Ratification of a new labor contract by the rank-and-file of the United Mine Workers is expected within a week now that the union has won most of its demands from the coal companies, sources said.

UNW and the the Bituminous Coal Operations Association, which represents the major coal operations, said Tuesday that they have agreed on a new contract to end the trouble-marked, seven-month strike by about 18,000 miners in seven states.Officials refused to discuss the settlement's details until UMW members vote on it, but reliable sources said the union goals, including job security, were largely met.

Suffering steady membership losses from mine closings and the shift to non-union mines, the UMW walked out last May to force the operators to guarantee more jobs at new mines to union members.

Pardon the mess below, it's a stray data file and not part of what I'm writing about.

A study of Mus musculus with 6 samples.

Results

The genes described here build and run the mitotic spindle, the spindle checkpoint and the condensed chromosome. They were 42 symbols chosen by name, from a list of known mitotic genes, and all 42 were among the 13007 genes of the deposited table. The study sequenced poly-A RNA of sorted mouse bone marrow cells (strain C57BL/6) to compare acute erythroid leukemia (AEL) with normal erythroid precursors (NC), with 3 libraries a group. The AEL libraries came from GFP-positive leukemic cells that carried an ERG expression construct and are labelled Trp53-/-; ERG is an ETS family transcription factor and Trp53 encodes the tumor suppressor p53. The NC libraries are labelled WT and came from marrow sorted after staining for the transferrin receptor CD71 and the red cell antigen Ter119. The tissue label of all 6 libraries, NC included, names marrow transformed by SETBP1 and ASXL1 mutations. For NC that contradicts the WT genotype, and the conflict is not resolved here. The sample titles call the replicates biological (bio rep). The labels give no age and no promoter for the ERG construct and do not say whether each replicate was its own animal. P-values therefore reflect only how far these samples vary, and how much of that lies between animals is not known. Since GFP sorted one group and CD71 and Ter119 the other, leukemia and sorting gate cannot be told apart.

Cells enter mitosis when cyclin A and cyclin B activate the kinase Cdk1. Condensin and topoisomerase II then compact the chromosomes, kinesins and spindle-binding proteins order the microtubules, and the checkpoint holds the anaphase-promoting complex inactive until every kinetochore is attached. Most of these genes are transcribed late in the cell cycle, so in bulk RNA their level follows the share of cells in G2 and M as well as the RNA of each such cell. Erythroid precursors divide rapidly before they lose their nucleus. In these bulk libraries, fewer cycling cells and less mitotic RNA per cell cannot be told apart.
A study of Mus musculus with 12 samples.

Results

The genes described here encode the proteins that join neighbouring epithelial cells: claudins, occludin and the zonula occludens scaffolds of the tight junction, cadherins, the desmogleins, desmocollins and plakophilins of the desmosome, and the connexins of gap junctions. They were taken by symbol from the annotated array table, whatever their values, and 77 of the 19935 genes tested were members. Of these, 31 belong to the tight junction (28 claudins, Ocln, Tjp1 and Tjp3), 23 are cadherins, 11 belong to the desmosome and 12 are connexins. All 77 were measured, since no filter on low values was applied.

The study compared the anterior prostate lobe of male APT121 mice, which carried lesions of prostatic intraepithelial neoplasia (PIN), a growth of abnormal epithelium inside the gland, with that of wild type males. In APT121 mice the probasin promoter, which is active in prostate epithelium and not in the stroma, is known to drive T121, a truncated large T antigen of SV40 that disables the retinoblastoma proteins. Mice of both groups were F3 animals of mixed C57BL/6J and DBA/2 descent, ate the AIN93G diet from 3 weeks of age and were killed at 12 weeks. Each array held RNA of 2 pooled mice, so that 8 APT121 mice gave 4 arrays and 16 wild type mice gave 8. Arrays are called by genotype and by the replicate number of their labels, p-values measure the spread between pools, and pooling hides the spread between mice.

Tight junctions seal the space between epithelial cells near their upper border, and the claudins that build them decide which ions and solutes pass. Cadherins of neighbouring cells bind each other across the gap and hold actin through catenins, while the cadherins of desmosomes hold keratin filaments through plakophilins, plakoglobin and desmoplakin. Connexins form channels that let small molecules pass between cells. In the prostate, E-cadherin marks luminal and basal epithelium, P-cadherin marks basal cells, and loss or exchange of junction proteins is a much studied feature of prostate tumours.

"You can be sure the job security issues were dealt with in the contract," said Tom Hoffman, a spokesman for the BCOA.

U.S. Labor Secretary Robert Reich said that the contract "achieved an important measure of job security" for union members.

Mr. Reich also said that part of the agreement calls for an industry-wide labor-management committee designed to resolve problems long before a contract expires.

The union quickly turned the strike into a battle not over wages or conditions, but the UMW's survival.

From 400,000 members in the 1940s, the UMW's ranks have plummeted to about 65,000. The union's miners now account for only about 38 percent of the coal mined in the nation.

The union complained that the owners had broken previous agreements by opening new mines under non-union conditions and not hiring their members. The companies insisted they could not afford to be forced to hire strictly from among the UMW's ranks at their new mines.